Chinese capital invested has doubled in European countries.
In terms of investment strategies,
this would be a favorable opportunity.
However, at the same time, overseas media fear
that if this continues, the European economy could become too dependent on China.
Other motives could become hidden
behind the Chinese Communist Party (CCP).
"Radio France Internationale" reported in an article
by Dr. Pierre Bikar that according to incomplete statistics,
in the last three years, Chinese foreign investment
in Europe has risen from two percent to ten percent.
In addition to Germany and the United Kingdom,
investment in the Netherlands, Belgium, Greece, and Eastern Europe is growing.
The investment targets almost reflect
the respective strengths of each country.
The article, entitled "how to take advantage
of the crisis to buy European enterprises" also said
that in the opinion of Chinese investment professionals
in Europe, you should buy now.
There are only a few success cases to date,
but this is just the beginning, it said.
Xia Yeliang, a professor at the School of Economics
at Peking University commented.
In observing the past few decades, CCP foreign
investments have brought little return in revenue.
Xia Yeliang: "Loss and bankruptcy
cases can be found everywhere.
So it is hard to say that these kind of Chinese
investments are entirely for economic purposes.
In many cases, these investments
are with strong political purpose.
The CCP doesn't only wants to be able
to strengthen China's influence in Europe.
It also hope that by their investing in some areas
of the (local) government, or even in people, it can produce a psychological impact."
Last year, at the 5th Summer Davos Forum,
CCP Premier Wen Jiabao claimed that
Chinese believed that so far, investing in the European
economy would overcome the financial difficulties.
China was still willing to expand investment in Europe.
At the same time, Chinese companies are trying
to invest in or acquire European infrastructure, technology and brand-name goods.
Chinese capital has created employment opportunities.
It has stimulated economic growth for Europe,
but media are starting to question this more and more.
Prof. Xie Tian, University of South Carolina Aiken Business
School, U.S.: "China's capital always has this problem.
In other words, there are many Westerners who,
in the end, cannot tell the difference between
private sector capital and the country's capital,
or whether the Chinese Communist regime is behind it.
If the Chinese Communist regime was behind it,
they are worried that it has political motivations.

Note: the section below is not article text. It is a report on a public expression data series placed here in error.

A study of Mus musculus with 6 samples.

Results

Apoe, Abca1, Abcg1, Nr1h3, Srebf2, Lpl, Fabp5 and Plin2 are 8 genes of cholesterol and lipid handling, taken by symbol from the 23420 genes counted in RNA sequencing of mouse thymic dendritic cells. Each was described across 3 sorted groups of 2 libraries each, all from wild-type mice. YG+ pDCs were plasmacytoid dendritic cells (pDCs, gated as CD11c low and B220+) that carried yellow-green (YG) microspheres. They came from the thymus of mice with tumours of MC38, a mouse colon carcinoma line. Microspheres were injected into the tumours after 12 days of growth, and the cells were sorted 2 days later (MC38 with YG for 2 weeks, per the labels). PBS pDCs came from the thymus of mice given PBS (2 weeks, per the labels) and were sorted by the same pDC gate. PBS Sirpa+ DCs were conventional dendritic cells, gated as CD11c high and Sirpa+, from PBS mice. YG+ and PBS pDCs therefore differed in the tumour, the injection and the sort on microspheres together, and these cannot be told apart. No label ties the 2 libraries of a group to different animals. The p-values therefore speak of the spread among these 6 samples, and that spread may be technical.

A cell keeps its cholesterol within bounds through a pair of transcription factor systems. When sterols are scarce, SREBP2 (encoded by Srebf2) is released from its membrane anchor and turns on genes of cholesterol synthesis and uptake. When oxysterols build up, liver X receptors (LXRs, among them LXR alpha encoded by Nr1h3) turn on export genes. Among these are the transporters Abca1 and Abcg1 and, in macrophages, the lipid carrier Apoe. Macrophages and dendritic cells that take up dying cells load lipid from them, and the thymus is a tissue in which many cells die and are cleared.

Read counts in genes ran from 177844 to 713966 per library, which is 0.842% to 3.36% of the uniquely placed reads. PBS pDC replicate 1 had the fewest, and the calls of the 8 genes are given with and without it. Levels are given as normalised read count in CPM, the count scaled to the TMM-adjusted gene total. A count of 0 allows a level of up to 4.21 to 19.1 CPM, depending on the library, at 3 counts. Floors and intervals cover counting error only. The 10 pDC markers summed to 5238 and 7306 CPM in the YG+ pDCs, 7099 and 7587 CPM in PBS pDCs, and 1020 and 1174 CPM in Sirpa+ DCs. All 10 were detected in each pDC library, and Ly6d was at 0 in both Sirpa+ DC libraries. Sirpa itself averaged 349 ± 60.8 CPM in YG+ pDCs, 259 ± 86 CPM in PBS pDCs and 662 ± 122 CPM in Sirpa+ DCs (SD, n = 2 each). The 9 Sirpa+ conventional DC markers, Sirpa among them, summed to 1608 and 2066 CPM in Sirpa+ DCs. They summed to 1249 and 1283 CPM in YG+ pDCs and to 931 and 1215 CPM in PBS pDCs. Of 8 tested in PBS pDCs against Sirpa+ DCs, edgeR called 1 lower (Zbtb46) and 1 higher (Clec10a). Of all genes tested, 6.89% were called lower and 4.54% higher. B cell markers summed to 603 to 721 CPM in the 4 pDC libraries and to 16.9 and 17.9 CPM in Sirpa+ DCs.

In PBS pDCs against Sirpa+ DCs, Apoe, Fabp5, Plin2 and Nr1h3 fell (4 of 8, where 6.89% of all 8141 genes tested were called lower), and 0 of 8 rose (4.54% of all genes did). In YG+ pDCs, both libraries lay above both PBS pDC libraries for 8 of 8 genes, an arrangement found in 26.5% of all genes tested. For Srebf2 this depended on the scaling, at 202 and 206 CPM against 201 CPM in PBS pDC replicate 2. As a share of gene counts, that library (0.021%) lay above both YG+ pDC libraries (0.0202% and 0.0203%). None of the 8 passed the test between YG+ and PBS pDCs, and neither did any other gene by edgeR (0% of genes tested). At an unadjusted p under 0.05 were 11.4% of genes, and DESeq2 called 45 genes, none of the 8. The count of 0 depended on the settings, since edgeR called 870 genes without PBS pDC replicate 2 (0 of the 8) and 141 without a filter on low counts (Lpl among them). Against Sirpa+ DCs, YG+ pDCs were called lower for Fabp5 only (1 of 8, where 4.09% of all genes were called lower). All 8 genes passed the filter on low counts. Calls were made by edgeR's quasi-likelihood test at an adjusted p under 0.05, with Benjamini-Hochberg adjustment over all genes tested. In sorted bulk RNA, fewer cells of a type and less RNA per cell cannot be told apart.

So, they would have concerns."
Pierre Bikar thinks that Chinese investment will not only
save European enterprises from the brink of collapse.
It will also help workers avoid unemployment.
CCP Premier Wen Jiabao said that China
is willing to expand its European investment.
At the same time, it also hopes the leaders
of some major European countries recognize China's full market economy status.
Professor Xia Yeliang: "The CCP always now
uses the Chinese state as the main body investment.
This is instead of businesses and individuals.
Actually, it is a resource monopoly, giving more
prominence to its nationalist orientation.
It does not engage in the practices of a full market economy.
In addition, Professor Xie Tian highlights that the CCP
hopes to obtain military technology from Europe.
It has relaxed restrictions in exporting
arms from Europe to China.
Xie Tian: "The point is that the CCP is under pressure
from the international community for it's human rights.
The countries of Western Europe
are critical of the CCP's human rights.
The CCP diverts this pressure through economic investment.
Therefore, the CCP certainly has other hidden
motives behind it, aside from making money.
However, Westerners actually know this,
so it won't sell it's real high-tech arms to the CCP."
The report also said that European political and the business
circles made enthusiastic responses towards the investment.
But international media fear that the European economy
will become too dependent on China longer term.
Xie Tian: "The CCP is not yet at the point of truly
influencing or manipulating the European economy.
As far as China is concerned, this is a large
part of total foreign investment from China.
But in fact, its total amount is very, very small.
The scale is also far less than the capital investment
of Japan or South Korea in Europe."
Xie Tian points out that China's capital flowed to Europe,
which also demonstrated that China's investment environment is being sharply deteriorated.